Fifteen years later, Apple has a hugely profitable business model to defend — and a lot to lose. Companies change when that happens. “The business model becomes a gilded cage, and management won’t do anything to challenge it, while doing everything they can to protect it,” says Larry Keeley, an innovation strategist at Doblin, a consulting firm.
It happens in every industry, but it is especially easy to see in technology because things move so quickly. It was less than 15 years ago that Microsoft appeared to be invincible. But once its Windows operating system and Office applications became giant moneymakers, Microsoft’s entire strategy became geared toward protecting its two cash cows. It ruthlessly used its Windows platform to promote its own products at the expense of rivals. (The Microsoft antitrust trial took dead aim at that behavior.) Although Microsoft still makes billions, its new products are mainly “me-too” versions of innovations made by other companies.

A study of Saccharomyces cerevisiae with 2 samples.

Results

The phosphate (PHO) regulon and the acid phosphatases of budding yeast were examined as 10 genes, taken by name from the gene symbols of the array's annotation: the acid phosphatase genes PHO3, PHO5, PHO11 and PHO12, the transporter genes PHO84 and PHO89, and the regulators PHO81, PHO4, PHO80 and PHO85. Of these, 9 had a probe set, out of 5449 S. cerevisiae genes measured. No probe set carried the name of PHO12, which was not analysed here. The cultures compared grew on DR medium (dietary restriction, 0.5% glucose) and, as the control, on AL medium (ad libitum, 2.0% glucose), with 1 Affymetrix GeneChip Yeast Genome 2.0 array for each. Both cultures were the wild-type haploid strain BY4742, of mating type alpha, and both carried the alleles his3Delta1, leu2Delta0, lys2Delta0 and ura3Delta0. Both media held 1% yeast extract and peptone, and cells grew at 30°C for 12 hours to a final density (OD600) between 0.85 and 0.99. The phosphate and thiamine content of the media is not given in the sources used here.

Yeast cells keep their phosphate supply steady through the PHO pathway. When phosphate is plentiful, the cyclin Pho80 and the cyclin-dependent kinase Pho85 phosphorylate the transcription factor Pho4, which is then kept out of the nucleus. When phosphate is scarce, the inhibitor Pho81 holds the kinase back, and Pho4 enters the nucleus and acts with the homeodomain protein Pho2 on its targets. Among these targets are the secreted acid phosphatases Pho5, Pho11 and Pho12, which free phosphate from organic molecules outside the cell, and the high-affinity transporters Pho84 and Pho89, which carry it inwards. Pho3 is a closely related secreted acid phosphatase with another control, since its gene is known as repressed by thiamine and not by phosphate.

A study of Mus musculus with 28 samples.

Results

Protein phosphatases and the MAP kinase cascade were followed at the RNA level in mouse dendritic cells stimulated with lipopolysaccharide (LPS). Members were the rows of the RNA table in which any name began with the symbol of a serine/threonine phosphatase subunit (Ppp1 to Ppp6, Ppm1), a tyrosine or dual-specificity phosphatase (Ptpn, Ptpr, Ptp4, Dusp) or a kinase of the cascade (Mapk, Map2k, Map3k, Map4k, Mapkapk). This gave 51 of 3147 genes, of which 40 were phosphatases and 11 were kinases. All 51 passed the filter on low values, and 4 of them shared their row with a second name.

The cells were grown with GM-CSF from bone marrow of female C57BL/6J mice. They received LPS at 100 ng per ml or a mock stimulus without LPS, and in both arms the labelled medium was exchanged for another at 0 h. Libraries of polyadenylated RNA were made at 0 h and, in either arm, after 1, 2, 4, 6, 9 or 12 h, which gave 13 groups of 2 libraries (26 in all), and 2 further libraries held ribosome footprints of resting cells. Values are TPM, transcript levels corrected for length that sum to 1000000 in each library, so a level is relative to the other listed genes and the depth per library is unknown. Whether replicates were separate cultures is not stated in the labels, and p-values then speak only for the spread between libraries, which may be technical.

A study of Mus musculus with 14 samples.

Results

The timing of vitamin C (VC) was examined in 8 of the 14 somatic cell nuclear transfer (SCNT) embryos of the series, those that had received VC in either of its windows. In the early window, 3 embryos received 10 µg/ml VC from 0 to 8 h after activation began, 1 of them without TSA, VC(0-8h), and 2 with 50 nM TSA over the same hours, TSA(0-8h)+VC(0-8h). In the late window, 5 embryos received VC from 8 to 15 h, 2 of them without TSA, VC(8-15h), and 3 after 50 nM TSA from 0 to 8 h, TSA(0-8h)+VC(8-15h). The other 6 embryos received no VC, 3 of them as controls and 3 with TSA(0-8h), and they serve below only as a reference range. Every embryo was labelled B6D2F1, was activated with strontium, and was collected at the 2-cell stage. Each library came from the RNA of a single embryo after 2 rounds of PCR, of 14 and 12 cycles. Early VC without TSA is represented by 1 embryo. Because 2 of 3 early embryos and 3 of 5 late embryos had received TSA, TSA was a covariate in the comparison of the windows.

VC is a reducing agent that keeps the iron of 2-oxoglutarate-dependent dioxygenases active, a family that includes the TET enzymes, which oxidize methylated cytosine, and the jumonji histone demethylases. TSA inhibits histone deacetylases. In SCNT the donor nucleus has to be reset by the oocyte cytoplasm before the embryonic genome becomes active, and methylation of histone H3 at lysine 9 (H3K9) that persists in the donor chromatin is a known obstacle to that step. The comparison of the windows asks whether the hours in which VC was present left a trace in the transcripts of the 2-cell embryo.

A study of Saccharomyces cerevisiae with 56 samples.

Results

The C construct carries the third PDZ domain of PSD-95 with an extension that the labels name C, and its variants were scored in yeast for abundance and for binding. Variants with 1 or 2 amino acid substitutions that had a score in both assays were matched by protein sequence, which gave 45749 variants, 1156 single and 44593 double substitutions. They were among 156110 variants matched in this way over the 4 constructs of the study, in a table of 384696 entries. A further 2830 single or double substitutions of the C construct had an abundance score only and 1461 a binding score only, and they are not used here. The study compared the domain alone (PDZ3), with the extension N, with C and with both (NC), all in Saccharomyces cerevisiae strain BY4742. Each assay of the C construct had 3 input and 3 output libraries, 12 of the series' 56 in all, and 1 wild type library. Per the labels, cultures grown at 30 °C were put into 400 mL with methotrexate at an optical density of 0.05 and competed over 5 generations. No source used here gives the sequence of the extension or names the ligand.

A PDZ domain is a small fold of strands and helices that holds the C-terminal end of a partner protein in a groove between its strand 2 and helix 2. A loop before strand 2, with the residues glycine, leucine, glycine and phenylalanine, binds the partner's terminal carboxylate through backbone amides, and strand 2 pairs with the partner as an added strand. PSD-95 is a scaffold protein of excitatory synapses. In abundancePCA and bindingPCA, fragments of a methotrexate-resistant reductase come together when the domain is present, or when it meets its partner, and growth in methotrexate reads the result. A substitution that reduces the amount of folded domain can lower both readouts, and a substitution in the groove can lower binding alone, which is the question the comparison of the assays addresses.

Now it is Apple’s turn to be king of the hill — and, not surprisingly, it has begun to behave in a very similar fashion. You can see it in the patent litigation against Samsung, a costly and counterproductive exercise that has nothing to do with innovation and everything to do with protecting its turf.
And you can see it in the decision to replace Google’s map application. Once an ally, Google is now a rival, and the thought of allowing Google to promote its maps on Apple’s platform had become anathema. More to the point, Apple wants to force its customers to use its own products, even when they are not as good as those from rivals. Once companies start acting that way, they become vulnerable to newer, nimbler competitors that are trying to create something new, instead of milking the old. Just ask BlackBerry, which once reigned supreme in the smartphone market but is now roadkill for Apple and Samsung.